New York State Assembly member, District 50
Jun 16, 2022
When Emily Gallagher won the race for state assembly in New York’s 50th district in July 2020, she defeated 47-year incumbent Joe Lentol in a stunning upset — and a win for progressives.
Gallagher, a self-described socialist who had previously been a member of Brooklyn Community Board 1, ran on a platform of environmental sustainability, housing justice and transit improvement — all issues she describes as fundamentally local.
“The state is much more broken than the city,” she told The City during that race. “A lot of people that I talk to, when they have complaints, don’t even know that the issue is a state issue — all the housing stuff, the MTA, water- quality standards.”
Gallagher, who represents parts of Greenpoint, Williamsburg and Fort Greene, grew up in Rochester and has been known to rock a Black Flag T-shirt. Now 38, she moved to Greenpoint shortly after graduating from Ithaca College in 2006. Her first foray into politics came in 2016, when she ran unsuccessfully for Democratic leader of New York’s 50th district against 32-year incumbent Linda Minucci, losing with 44.9 percent of the vote.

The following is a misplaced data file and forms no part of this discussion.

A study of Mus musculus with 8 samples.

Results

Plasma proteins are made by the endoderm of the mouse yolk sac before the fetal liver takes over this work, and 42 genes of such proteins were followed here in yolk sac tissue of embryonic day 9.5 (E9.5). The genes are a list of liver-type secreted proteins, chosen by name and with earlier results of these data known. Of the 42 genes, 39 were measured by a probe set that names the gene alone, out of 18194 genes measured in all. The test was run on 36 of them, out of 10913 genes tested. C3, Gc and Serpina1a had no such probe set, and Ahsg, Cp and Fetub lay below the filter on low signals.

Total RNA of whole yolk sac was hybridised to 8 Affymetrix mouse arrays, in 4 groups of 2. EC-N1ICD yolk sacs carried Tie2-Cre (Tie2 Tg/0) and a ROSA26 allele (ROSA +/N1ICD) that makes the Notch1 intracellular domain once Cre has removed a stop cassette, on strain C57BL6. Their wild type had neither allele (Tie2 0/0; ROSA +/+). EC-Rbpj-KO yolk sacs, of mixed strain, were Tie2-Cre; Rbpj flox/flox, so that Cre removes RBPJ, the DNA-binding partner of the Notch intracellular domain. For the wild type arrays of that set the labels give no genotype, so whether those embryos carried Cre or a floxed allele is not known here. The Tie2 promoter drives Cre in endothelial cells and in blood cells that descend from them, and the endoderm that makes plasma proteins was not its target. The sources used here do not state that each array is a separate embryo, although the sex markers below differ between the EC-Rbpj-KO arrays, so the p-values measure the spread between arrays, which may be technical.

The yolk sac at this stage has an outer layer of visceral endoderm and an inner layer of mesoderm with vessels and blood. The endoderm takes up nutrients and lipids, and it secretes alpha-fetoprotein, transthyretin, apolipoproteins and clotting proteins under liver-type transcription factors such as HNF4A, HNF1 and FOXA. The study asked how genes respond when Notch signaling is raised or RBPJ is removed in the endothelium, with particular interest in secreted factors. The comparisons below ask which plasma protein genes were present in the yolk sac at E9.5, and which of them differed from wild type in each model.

She was soon thereafter appointed to Brooklyn Community Board 1, where she uncovered community board abuses. When she suggested that the board use special city council funds for a service that tracks constituent issues, the board revealed it bought an SUV instead. (Whoopsie.) “I try to choose battles that are activist battles,” she told The City.
Since taking office, Gallagher has introduced the All-Electric Buildings Act with New York State Senator Brian Kavanagh, arguing it would cut the state’s carbon emissions by millions of tons. And she’s pushed for greater financial transparency, writing in Crain’s New York Business: “When anonymous limited- liability companies can gobble up New York City apartments and buildings with almost no oversight, everybody loses — except for oligarchs, tax cheats and bad landlords.”
“Revenue remains my biggest priority, and winning the fight to tax the kinds of wealth that have not previously been in the lexicon of what was available to the state,” she told Greenpointers about her goals for office. “That would help us solve a lot of our problems. We really just need more money, and we need it to come from people who can spare it.”